The people who run the sprawling Columbia River water system are giving the current water supply outlook a thumbs up. But they also have their fingers crossed. Bonneville Power Administration hydrologists are still somewhat off balance after a roller coaster winter - from a so-so December to an alarming drought in early February to deluges of rain and snow last month.
So heavy was precipitation in the Columbia basin in March that the water supply surged 25-million acre feet. That pumped the water supply up to 104 percent of average, letting BPA executives relax, wipe their brows and - for the moment - drop talk of cost containment planning for the dry summer months.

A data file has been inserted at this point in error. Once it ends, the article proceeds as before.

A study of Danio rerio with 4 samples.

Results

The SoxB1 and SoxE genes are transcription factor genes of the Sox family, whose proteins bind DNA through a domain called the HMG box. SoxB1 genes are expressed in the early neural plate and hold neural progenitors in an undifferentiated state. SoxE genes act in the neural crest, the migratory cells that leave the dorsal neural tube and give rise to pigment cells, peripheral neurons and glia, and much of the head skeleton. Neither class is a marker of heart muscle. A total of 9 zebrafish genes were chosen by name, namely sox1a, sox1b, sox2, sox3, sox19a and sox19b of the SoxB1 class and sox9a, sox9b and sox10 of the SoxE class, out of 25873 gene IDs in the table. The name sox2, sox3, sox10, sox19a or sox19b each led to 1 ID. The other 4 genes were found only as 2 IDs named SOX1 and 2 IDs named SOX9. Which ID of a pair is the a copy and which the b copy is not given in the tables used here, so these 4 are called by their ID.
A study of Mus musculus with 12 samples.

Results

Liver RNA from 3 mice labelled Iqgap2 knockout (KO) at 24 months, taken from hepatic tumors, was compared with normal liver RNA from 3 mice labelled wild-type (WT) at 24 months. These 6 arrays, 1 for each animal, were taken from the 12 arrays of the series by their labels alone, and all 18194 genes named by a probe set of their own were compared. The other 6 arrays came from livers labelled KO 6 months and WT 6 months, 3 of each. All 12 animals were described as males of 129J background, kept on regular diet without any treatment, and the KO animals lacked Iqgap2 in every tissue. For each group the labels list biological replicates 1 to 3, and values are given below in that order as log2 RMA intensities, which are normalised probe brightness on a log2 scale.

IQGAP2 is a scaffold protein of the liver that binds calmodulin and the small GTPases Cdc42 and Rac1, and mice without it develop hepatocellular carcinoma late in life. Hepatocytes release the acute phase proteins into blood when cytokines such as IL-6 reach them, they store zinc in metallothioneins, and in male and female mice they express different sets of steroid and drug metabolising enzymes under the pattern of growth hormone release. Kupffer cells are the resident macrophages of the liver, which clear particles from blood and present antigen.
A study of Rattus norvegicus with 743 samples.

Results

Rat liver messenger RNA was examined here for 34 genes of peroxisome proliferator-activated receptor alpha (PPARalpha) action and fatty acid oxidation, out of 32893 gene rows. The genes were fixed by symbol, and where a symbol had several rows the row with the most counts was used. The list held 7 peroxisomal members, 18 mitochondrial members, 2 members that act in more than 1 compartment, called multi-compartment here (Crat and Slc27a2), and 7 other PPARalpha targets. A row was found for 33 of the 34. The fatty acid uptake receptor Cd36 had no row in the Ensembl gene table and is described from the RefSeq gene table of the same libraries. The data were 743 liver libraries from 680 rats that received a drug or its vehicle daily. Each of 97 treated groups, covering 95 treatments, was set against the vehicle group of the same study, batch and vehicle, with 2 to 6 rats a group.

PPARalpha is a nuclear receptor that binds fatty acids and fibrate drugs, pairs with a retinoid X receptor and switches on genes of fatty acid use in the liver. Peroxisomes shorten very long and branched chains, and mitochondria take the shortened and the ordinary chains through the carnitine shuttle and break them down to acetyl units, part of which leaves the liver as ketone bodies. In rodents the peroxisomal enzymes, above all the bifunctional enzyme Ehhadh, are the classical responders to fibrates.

But water supply is only half the picture. The other half is what the BPA specialists call the "shape: of the runoff from snowmelt. The ideal shape, they say, is slow, steady melting to keep rivers feeding the Columbia full and flowing well into August.
They know, however, that it takes only a few too many warm, rainy days in the country east of the Cascades to turn too much snow into too much water too quickly in May and June. If that happens, it can turn the fish, financial and power outlook much more challenging much more quickly.
Planning specialists for the BPA point out that their principal reservoir is snowpack - and they have no control over how fast or how slow that melts. In 2011, for example, snow kept falling well into May. But last year, the snow pack began disappearing in early spring.
This year? Right now, things look good, but planners are fastening their seat belts.